Big bucks to go into ganja business
Getting any one or a combination of the many licences to participate in Jamaica's nascent marijuana industry calls for big bucks, as prices start at US$2,500 (approximately J$315,000). However, chairman of the Cannabis Licensing Authority (CLA), Hyacinth Lightbourne, is adamant that Jamaica must not make the mistake of having a lax regulatory regime, as this would put the country in a bad position regarding its international obligations.
"We do understand that there are a lot of requirements, but we are dealing with an industry that has to be heavily regulated, so you do need a lot of requirements," Lightbourne told a Gleaner Editors' Forum recently.
The application process starts with a non-refundable application processing fee of US$300 per individual and US$500 for a company business or cooperative. Thereafter, it is a question of the type of licence. These range from cultivator's licence to processing, transport, along with retail, and research and development.
The cultivator's licence has three tiers. Tier One covers plots under one acre, with a licence fee of US$2,000. Tier Two is for plots of two to five acres, at US$2,500 per acre. While Tier Three is for plots over five acres at US$3,000 per acre.
The processing licence comes in two tiers, with Tier One costing $3,500 and Tier Two costing $10,000. While retail, both a herb house and the therapeutic licences, will cost US$2,500 each.
The other costs are highlighted on the CLS's website, cla.org.jm.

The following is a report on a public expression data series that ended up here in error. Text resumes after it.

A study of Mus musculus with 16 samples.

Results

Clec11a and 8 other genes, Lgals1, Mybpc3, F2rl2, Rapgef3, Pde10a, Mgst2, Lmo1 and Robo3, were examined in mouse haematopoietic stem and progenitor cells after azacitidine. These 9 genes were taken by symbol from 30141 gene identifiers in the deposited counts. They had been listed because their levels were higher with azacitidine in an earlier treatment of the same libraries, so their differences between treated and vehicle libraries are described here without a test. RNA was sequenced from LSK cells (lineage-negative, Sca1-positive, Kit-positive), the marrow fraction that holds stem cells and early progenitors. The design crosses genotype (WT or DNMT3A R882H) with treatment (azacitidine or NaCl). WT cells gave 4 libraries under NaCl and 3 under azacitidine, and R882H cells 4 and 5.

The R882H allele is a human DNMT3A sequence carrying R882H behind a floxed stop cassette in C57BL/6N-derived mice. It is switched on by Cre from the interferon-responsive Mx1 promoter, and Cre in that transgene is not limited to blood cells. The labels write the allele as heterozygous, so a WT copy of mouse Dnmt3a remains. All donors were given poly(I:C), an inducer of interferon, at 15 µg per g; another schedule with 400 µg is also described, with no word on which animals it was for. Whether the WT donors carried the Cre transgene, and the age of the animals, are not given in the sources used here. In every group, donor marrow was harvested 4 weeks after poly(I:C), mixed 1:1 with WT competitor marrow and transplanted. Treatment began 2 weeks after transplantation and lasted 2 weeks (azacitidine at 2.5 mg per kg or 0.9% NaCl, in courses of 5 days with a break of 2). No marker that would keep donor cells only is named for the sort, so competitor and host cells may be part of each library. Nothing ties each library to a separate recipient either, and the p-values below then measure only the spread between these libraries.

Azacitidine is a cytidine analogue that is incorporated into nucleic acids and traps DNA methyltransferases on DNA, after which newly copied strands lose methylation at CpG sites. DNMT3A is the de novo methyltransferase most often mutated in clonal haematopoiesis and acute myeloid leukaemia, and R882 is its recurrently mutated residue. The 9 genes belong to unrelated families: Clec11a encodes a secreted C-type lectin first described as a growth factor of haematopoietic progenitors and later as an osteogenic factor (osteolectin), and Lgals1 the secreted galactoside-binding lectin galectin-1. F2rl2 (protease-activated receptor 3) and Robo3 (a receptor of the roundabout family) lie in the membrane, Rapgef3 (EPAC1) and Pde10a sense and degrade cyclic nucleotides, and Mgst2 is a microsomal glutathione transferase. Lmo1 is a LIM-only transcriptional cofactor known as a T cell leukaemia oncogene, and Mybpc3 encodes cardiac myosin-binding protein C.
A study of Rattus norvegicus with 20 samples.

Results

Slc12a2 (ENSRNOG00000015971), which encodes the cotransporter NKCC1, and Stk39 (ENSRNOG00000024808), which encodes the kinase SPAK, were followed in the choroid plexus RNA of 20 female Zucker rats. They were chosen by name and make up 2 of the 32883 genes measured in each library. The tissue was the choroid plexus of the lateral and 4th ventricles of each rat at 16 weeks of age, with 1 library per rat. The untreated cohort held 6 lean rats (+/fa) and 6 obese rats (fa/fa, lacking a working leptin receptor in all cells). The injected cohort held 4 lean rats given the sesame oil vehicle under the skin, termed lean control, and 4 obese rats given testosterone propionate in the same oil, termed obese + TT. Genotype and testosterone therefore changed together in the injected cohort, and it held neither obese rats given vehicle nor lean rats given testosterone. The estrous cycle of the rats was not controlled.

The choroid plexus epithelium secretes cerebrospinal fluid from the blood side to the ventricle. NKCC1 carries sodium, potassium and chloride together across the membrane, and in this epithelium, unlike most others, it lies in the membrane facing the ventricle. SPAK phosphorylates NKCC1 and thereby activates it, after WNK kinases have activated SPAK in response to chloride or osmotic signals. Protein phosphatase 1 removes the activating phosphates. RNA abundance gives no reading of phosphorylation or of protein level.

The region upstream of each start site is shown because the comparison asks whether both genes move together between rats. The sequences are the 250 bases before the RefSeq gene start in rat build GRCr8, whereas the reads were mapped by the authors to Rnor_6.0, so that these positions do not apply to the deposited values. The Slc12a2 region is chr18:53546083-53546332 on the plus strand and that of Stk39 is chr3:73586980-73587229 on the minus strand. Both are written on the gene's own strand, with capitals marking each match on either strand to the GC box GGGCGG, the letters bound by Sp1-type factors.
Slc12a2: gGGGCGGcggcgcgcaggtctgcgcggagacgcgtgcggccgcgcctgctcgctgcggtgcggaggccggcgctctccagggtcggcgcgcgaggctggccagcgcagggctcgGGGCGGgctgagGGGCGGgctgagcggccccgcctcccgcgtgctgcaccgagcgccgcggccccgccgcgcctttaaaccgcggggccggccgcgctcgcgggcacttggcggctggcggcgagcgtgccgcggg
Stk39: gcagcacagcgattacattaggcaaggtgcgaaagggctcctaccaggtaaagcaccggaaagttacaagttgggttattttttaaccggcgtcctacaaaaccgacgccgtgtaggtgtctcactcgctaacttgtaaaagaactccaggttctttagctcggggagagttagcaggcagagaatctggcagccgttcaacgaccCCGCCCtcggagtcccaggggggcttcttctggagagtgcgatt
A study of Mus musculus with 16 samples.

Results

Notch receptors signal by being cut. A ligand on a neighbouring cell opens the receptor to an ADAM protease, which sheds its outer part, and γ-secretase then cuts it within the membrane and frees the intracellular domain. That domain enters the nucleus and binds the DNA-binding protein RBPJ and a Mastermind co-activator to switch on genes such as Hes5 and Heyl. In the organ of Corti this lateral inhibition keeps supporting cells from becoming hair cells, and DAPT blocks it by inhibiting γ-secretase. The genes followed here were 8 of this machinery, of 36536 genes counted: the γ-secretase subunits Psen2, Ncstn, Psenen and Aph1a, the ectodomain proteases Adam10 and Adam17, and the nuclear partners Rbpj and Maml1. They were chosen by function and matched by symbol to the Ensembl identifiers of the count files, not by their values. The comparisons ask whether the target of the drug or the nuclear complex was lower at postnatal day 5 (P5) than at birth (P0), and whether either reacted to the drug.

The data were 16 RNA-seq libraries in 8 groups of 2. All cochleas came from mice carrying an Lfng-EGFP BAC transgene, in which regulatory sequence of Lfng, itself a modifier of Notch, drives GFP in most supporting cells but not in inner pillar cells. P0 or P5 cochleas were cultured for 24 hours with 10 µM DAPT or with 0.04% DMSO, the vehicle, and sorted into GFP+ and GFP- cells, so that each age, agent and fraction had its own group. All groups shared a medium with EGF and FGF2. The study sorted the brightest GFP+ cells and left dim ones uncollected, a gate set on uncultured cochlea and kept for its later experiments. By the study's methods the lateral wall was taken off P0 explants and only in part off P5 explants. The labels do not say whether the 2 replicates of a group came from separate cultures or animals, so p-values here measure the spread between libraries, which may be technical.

The CLA chairman said the application process is not simply a matter of filling out a form and pushing paper.
"Once you've brought everything in, you have to go through the FID (Financial Investigation Division). There has to be pre-licence inspection of the actual location in which you plan to operate. It is not simply dropping off an application and then somebody is just looking at it. There are attendant costs which have to be covered somehow," Lightbourne said about the non-refundable fees.
CLA board member Delano Seiveright, while not defending the big numbers, said stakeholders are already finding ways around the seemingly high hurdles.
"From what we have seen out there, a number of these small farmers and future small farmers are coming together as co-operatives, and they intend to apply for licences and as such share the costs, share the knowledge, the technology and the experiences, and that's much better," Seiveright stated.
Lightbourne added that the costs of the licences are a reflection of the reality facing Jamaica, as it seeks to travel uncharted waters and not make the mistakes of some places where liberalisation came before proper regulation. She is arguing that regulation is for the protection of Jamaica.
"This has to be a heavily regulated industry, and heavy regulations cost money. We understand that people looking on may think it's costly, but for what we have to do to ensure that the health of the nation is not at risk, we feel it is not costly," she stressed.